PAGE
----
Something about watching the elite Jamaica sprinters slaying the competition at the Olympic Games gets me feeling nostalgic of my running days in Jamaica circa the 1980’s and 1990’s. During my annual 2-week stint in this beautiful tropical isle, I routinely ran 4-15 miles a day in the stifling tropical heat. No, I wasn’t a sprinter by any stretch of the imagination, but I always enjoyed running full bore during the last 100 meters of my workouts. Jamaicans are a very lively bunch, and there were always a few who would make passing comments to me about my running form (or lack of), and ‘the working gals’ always made a point to proposition me while I ran away from them - “Boonjie, boonjie” they would call out, to which I retorted “Ok, sweetie, Soon come.”
To be honest with you, I always felt more comfortable in the mountains or in the rural countryside of Western Jamaica, far away from the tourist traps of the north coast - Montego Bay, Ocho Rios and Negril. There was far too much hustle and bustle in ‘MoBay’ and ‘Ochy’, with the emphasis on hustle. Montego Bay was sort of honky tonk and unkempt (dirty) but a fun place nevertheless and Ocho Rios was a little bit too manicured and fabricated for my taste.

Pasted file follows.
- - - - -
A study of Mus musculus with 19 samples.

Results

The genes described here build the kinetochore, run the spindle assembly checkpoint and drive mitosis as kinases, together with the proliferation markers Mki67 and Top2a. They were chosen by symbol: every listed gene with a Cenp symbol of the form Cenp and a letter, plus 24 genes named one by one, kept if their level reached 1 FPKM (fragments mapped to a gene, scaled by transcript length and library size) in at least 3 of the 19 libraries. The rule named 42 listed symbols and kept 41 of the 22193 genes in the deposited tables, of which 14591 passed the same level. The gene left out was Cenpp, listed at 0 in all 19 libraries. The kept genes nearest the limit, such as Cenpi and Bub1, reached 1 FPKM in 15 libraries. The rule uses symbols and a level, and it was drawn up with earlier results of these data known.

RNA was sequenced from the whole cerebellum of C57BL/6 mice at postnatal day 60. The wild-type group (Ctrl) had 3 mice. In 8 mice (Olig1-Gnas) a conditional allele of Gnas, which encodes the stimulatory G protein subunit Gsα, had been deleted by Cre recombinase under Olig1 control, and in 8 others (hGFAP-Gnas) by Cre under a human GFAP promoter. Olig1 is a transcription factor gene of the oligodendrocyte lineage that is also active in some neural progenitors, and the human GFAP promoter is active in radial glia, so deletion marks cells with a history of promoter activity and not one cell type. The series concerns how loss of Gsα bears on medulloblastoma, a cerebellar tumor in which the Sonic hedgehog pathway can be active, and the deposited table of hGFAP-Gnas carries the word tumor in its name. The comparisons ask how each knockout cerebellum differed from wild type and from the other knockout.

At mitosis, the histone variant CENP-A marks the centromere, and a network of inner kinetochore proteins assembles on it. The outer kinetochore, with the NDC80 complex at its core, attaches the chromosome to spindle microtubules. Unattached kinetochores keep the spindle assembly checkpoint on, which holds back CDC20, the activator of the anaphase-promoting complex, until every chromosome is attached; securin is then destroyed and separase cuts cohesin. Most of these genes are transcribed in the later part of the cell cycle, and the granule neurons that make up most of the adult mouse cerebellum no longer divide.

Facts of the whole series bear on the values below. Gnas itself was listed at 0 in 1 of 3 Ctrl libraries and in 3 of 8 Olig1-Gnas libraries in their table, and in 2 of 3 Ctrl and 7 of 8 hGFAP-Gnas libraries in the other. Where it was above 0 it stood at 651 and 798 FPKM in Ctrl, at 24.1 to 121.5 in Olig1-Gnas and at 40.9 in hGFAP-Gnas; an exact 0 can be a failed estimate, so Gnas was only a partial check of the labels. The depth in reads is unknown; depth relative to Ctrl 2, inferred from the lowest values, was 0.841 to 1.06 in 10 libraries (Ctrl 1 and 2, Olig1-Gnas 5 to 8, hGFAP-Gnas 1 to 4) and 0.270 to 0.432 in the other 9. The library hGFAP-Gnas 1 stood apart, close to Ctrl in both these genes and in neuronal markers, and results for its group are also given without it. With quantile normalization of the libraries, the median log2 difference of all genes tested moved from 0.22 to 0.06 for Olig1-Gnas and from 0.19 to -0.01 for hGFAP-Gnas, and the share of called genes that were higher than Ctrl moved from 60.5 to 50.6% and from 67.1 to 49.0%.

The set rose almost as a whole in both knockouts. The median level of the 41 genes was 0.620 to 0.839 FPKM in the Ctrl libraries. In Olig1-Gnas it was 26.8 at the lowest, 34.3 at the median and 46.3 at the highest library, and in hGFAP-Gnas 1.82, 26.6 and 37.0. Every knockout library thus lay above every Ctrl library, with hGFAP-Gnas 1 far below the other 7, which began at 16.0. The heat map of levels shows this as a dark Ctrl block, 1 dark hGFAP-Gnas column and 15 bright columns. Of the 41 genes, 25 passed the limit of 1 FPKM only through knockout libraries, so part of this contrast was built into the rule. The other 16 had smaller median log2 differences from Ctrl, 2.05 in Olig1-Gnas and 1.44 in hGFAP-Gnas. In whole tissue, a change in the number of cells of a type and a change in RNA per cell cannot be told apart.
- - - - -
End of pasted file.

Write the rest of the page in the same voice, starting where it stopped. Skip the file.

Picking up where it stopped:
On the other hand, Negril was very laid back and the 4 1/2 mile stretch of powdery white sand beach was absolutely heavenly - it had a very wild, untamed but relaxing ambiance. Of course, there was more to Negril than the beach and its pervasive “anything goes” vibe - there was lots of live reggae music at venues such as Kaiser and De Bus and some of Jamaica’s finest singers and bands routinely passed through the area - Dennis Brown, Gregory Isaacs, Yellowman, Freddy McGregor, Ini Kamoze, Mighty Diamonds, Judy Mowatt to name a few – especially after the end of Reggae Sunsplash in Montego Bay. Then again, the hedonism shtick was a little bit too superficial and the Rastaman Vibration was mostly a put on - not the genuine article.
Negril was the alternative lifestyle resort during its heyday. Due to Negril’s increased popularity during the last 12 years or so (many new all inclusive resorts have sprouted up), it has become more mainstream. Personally, I prefer the South Coast to Negril – it is considerably less developed, there are far less tourists and it is more genuine and real. In my opinion, Negril is kind of a mirage.
To me the real beauty of Jamaica is in the hinterland - the people are very open, genuine and friendly, and the countryside scenes are enormously beautiful. Keep in mind, that I have not been to Jamaica since Spring 1995 – now that’s a long time ago and I’m sure lots of things have changed.
In the meantime - Big Up, Lightning Bolt, you faster nuh raas. Yam power!